Feb. 21, 2013 at 11:56 AM ET
Thousands of feet below some of the nation's most fertile farmland could be 15.4 billion barrels of crude oil.
Billion, with a "B."
The federal government believes the Monterey Shale, which lies under more than 1,750 square miles of central and southern California, has far more shale oil than anywhere else in the lower 48 states — nearly four times the amount of the Bakken Shale in North Dakota.
But this is California. Nothing is easy. Accessing the oil will require hydraulic fracturing, better known as fracking, and even then it may be too expensive to be economical. Oil companies are quietly buying up mineral rights and drilling holes in the earth northwest of Bakersfield to see if they can get lucky.
"It's very different in California," said Gabe Garcia, who is an assistant field officer for the Bureau of Land Management in Bakersfield. He estimated there are 25 to 30 test wells on federal land drilling down as much as 14,000 feet into the Monterey Shale. Unlike North Dakota, the geology in California is impacted by tectonic plates — the rock is folded over — forcing the oil into hidden pockets.
Read More: Fracking: How It Works, Where It's Done
The BLM auctions off mineral rights to public lands every quarter, and the auctions are becoming more crowded. "We've seen prices vary from $2 an acre back in the early 2000s to $500 an acre here just in 2010," Garcia said. Winning bidders have 10 years to develop a working oil well on the land or the lease expires. They pay the BLM an annual rent of $2 to $4 an acre, and the government receives 12.5 percent of revenues from the oil retrieved. "It's good for us," said Garcia. "Last year we brought in $190 million." Half of that goes to the state of California.
Few are watching developments as closely as John Lehn, President and CEO of the Kings County Economic Development Corporation. Unemployment in this county averages 15 percent, he told me, standing in front of a tall test well shooting up out of the valley floor. A Monterey Shale oil boom could change everything. "We're seeing a few local jobs and spending in the local economy for quite a bit of exploration," Lehn said, "but these are relatively small dollars to the potential of what could be."
There's a sense of modern day wildcatting going on in the region reminiscent of "There Will Be Blood," a film depicting California's first oil boom a hundred years ago. Much like then, oil companies are exploring secretively for competitive reasons, refusing to discuss exactly what they're doing, where they're doing it, and what they've found. Firms like Occidental and Venoco directed questions to the Western States Petroleum Association.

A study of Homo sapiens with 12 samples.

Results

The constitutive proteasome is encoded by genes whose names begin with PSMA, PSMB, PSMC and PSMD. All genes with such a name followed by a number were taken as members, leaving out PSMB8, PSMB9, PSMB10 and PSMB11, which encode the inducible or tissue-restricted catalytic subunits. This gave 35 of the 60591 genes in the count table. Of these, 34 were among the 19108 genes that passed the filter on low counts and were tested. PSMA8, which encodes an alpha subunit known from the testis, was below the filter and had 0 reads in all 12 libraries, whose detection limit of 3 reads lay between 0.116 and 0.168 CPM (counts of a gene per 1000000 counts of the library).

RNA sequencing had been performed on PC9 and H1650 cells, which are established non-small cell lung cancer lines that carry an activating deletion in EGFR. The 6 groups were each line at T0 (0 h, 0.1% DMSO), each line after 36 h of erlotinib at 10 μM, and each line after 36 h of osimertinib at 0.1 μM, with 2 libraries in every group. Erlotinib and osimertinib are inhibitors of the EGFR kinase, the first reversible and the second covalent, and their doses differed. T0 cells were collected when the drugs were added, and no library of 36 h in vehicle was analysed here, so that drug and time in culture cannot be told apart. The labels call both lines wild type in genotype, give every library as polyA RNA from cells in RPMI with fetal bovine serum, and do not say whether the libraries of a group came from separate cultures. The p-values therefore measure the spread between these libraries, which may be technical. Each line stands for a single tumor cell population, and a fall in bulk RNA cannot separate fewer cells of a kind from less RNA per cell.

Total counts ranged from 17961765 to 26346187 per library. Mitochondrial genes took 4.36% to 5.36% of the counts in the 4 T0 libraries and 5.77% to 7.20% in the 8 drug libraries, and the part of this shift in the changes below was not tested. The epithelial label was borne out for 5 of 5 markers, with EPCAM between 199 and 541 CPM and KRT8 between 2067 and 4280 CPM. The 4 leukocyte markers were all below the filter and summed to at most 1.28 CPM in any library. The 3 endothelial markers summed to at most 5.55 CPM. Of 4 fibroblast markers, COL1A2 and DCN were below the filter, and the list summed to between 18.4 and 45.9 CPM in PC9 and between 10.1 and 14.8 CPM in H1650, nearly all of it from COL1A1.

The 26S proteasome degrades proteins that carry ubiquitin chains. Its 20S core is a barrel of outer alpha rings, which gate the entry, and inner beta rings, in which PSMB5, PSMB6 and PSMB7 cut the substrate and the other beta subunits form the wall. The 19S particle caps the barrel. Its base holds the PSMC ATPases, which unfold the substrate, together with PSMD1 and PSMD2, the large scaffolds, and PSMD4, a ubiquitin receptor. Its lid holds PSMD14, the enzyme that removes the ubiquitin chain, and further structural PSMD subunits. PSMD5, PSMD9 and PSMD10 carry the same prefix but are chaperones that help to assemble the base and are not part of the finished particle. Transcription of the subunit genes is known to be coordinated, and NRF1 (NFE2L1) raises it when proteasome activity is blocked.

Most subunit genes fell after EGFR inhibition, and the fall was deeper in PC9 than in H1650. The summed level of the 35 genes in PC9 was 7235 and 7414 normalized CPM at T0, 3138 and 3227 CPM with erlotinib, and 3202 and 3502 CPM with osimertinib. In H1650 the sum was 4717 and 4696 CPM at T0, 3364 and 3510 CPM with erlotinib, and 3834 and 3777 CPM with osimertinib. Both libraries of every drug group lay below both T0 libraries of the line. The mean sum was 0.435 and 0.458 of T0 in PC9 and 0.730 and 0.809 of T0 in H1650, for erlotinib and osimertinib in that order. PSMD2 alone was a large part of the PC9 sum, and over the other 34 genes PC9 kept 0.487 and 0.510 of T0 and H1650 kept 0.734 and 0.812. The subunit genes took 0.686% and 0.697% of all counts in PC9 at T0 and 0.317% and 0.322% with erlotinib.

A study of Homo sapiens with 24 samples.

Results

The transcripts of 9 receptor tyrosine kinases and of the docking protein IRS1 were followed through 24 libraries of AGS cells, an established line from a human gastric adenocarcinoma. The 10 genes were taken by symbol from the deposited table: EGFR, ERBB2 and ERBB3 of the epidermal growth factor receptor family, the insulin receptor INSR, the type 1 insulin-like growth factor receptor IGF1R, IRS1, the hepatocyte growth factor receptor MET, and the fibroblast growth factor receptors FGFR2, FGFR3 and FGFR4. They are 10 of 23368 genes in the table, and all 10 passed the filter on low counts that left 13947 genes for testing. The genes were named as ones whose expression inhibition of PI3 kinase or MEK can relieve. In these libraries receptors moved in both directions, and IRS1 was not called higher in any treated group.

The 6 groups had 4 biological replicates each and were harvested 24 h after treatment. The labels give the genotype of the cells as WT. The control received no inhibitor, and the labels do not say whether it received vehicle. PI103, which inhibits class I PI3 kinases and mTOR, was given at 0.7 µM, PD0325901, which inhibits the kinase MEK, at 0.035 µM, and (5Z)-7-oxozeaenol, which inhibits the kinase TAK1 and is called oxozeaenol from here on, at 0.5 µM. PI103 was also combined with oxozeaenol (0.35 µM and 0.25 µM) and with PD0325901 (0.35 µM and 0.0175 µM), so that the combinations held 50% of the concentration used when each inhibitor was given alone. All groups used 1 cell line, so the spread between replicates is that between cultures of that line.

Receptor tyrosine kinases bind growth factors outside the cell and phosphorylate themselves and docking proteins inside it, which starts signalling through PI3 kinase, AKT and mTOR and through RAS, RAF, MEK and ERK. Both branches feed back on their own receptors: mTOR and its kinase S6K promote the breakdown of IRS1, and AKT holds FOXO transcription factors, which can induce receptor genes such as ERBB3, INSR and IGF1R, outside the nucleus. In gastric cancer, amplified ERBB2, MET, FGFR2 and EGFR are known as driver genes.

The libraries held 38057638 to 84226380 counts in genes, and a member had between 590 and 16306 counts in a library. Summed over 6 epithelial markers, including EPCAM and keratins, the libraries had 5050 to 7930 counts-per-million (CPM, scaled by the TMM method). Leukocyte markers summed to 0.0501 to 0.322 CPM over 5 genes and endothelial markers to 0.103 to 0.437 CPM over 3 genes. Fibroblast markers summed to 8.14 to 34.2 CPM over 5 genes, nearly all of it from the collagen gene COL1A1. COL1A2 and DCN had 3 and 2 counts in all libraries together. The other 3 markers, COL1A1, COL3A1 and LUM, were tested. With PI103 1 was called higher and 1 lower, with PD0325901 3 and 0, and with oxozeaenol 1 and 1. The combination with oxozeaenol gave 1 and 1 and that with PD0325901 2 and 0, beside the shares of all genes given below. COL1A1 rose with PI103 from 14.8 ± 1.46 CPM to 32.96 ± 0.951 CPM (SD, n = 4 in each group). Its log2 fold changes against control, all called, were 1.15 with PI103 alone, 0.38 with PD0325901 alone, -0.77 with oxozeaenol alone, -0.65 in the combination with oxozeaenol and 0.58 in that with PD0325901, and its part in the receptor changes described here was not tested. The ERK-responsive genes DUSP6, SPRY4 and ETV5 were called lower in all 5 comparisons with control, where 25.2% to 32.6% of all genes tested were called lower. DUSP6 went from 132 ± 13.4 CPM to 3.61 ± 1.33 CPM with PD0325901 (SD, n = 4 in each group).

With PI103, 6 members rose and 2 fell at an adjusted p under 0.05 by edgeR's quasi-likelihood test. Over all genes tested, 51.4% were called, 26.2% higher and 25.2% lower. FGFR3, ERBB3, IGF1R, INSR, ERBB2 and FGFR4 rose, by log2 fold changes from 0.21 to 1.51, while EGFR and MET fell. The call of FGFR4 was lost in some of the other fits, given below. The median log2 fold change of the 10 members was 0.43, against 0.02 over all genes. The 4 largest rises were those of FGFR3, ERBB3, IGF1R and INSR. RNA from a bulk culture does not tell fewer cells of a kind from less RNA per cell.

"Our companies are not forthcoming on their business plans," said the association's Tupper Hull with a laugh. "These are pretty smart people, they're pretty good at what they do. They're pretty competitive out there."
Not all oil companies claim to see much potential. Chevron, which has been pumping oil conventionally in the area for over a century, told CNBC in a statement, "Chevron does not see the same level of promise in the Monterey Shale as other companies...we have not been encouraged by the results of the wells we have drilled into the formation."
Then there are the concerns some in the state have about fracking in an area near earthquake fault lines and other environmental issues.
"California has no regulations particular to fracking," said Nathan Matthews, associate attorney with the Sierra Club. His organization is suing the state, claiming California is not enforcing existing regulations, and it's asking for a moratorium on all exploration of the Shale until California finalizes rules for hydraulic fracturing. "That oil's not going anywhere," said Matthews. "There's isn't a huge harm in just waiting to make sure we understand what we're getting into."
What are the chances any of this exploration will pay off?
"I don't really know what the break point is for the companies," said Tupper Hull of the petroleum association. "That's what our members are trying to figure out right now."
John Lehn said if he was trying to predict what inning the industry's in In the game of extracting oil. "We're probably in the recruitment phase," he said.
Looking at a test well owned by Canada-based Aera in Kettleman City, Lehn explained, "These folks that are out early want to be as quiet as they can, secure as much land or the mineral rights as they possibly can before the information gets out to the others. But you're here, so it's not much of a secret, right?"